I’m here at the TED conference in Monterey, California for the next four days. It’s my third year at TED and my fourth TED conference, including TED Africa last summer in Arusha. I seem to have become part of the team here, live-blogging the event alongside Bruno Giussani, who runs one of Europe’s best blogs, as well as serving as the head of the TED Europe conference.
Over the next four days, I’ll likely put over 40 posts on this blog – I can’t get a post up for every speaker, but I often get quite close. Bruno will be doing the same, though he tends to post longer posts summarizing a few sessions at a time. Bruno also has an excellent post outlining some of the folks who’ll be blogging here as well – put everyone’s accounts together and perhaps you’ll get a fraction of the excitement and well-structured chaos taking place here.
Groundrules – for me, really more than for you. I’m writing really, really quickly here. I’m going to get things wrong – if I do, please use the comments to correct me. If my comment system keeps you out, send email to ethanz AT gmail DOT com… but the corrections won’t be made as quickly. I try pretty hard not to editorialize when I’m writing these posts – the words here are, to the best of my ability, the speakers’, not my own – if I’m editorializing, you’ll see comments in parenthesis. I don’t endorse (nor not endorse) any point of view put forward here – I’ll get opinionated in a wrap-up post on Saturday or Sunday most likely.
Thanks for reading, and for being here with me, virtually.
The theme of this year’s TED is “The Big Questions” – What is our place in the universe? Will evil prevail? How do we create?
Michael Stulberg, who will be the next Hamlet in this year’s Shakespeare in the Park in New York City, leads off with one of the great questions of all time, the “To be or not to be” soliloquy from Hamlet. A bit of a dark start, perhaps, but a reminder of the fact that at least one aspect of TED is that it’s theatre – the supreme challenge of capturing the attention of a huge group of people, eighteen minutes at a time.
Louise Leakey had a pretty interesting childhood. Hers is the first family of paleontology, and while the rest of us were doing jigsaw puzzles, she and her family were putting together the skeletons of chimpanzees and figuring out the pre-history of human evolution.
Leakey reminds us that we’re no more, no less, than big-brained, super-intelligent apes. While there are several ape species closely related to humans, we’ve got closest evolutionary similarities to the bonobo. But to understand how humans came about, we need to search for the origins of human ancestors… and that search takes place in east Africa.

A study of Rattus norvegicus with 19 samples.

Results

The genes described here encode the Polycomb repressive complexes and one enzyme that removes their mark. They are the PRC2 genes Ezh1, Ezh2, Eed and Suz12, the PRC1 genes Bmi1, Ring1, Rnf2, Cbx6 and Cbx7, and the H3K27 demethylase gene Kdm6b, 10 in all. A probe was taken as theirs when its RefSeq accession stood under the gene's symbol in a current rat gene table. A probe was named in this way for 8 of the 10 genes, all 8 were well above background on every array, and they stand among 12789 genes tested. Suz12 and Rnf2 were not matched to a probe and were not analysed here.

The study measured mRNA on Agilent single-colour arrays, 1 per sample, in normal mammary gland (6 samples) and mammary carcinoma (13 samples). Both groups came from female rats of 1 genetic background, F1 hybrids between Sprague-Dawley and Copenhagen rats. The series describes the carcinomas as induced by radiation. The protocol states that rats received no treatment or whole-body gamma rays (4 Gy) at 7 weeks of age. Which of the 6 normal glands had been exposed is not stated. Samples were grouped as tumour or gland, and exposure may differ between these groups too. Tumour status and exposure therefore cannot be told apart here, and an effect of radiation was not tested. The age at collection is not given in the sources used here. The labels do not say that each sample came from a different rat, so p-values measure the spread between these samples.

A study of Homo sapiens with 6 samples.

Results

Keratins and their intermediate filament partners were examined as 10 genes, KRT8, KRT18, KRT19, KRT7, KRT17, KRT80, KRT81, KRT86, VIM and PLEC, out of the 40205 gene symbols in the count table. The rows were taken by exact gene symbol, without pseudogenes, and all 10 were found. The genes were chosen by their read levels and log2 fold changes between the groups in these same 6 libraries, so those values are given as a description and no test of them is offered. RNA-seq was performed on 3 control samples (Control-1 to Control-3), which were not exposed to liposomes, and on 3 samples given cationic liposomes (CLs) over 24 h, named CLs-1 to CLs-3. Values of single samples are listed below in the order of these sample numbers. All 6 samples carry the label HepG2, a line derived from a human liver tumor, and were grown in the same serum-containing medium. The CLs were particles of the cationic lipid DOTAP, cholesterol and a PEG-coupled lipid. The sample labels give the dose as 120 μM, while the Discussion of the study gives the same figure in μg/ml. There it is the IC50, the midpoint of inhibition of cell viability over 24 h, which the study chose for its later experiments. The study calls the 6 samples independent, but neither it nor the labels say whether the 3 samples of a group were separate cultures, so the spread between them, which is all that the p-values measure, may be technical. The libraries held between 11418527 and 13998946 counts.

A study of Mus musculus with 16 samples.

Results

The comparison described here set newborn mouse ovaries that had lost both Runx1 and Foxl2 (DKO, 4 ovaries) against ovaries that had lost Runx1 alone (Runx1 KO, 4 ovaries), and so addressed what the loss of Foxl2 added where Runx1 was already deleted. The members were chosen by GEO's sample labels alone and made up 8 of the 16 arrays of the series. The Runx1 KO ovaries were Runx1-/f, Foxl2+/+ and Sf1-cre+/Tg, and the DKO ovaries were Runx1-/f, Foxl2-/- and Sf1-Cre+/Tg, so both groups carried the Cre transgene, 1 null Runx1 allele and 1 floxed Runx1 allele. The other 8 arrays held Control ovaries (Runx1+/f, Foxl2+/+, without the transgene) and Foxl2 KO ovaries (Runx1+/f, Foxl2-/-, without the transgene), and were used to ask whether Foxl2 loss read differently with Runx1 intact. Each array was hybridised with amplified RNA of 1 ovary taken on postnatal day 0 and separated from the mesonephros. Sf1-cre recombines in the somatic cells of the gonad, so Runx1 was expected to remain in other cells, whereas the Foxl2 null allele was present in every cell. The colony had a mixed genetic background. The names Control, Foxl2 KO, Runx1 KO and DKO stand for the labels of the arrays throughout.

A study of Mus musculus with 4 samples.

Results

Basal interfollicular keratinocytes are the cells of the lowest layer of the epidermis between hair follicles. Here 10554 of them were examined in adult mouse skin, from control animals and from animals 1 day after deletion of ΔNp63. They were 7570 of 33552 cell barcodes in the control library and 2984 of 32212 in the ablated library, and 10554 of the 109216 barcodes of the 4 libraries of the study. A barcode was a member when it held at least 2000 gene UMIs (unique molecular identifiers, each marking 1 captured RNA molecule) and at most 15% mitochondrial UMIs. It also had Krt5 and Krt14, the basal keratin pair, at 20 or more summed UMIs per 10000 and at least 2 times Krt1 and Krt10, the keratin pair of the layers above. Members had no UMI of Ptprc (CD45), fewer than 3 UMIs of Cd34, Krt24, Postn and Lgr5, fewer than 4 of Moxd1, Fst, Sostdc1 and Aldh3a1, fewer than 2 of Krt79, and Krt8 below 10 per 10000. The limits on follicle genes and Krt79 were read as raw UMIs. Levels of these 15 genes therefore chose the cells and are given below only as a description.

The Leakey family has done most of their work in the Rift Valley, a vast depression that extends from the Gulf of Aden down to Malawi. Highland rivers bring sediment down into the depression, burying the bodies of animals – and human ancestors – that die there. She reminds us, “if you want to become a fossil, you need your bones to be rapidly buried.” And thousands of important finds have been made in the Rift Valley.
To find these fossils, extremely keen-eyed researchers need to walk across vast areas of the savannah, searching for small fossils. It’s impossible to overstate how hard it is to see these fossils – she shows us a picture of a site where she and others found an important jawbone from 2 million years ago. There’s no possible way the untrained eye could see it. She and researchers scrape dirt away with dental picks after documenting the site with digital photographs so that the sites can be returned to their previous condition. Not a lot of people get to spend time with their mothers uncovering human history with dental picks, she tells us.
There’s a wonderful photo from when she was twelve years old, removing dirt from an ancient crocodile skeleton. At the same time, another team was discovering a homo erectus skeleton on the other side of the valley. This two-million year old homo erectus was a tall, fast running, dark skinned man… who died when he was twelve, giving Louise Leakey a strong emotional connection to his story. He hadn’t been a healthy individual – he’d had a bad back due to scoliosis, and was probably cared for by female members of the family group. His life ended when he fell into a swamp and wasn’t able to escape.
Legendary fossil-hunter Kinoya Kimeyu found a small skull fragment and was able to bring a team to excavate the site. The skull had actually held a tree sapling in place, and the tree, as it grew, kept the skeleton in place. As a result, a huge amount of the skeleton was preserved, allowing us to see that his body was very similar to our own.
The pace of human history is a very fast one. Homo Erectus left Africa 90,000 generations ago. Early homo sapiens developed in Africa 30,000 generations ago, and only left the continent 30,000 years ago, or 1500 generations – an amazingly short period of time. Leakey wonders, “Will we be the shortest-lived homonid species in history?” Sure, we’re amazing at tool building – especially transport and communication tools – and we’ve had amazing population growth. But we’re “the only species that makes conscious choices that are bad for our survival,” as her father observed. Will we make it much longer? Leakey thinks we’ve got a good chance, evolutionarily speaking – after all, we’re the same people who found a way to survive in the Rift Valley with little more than rocks and social behavior.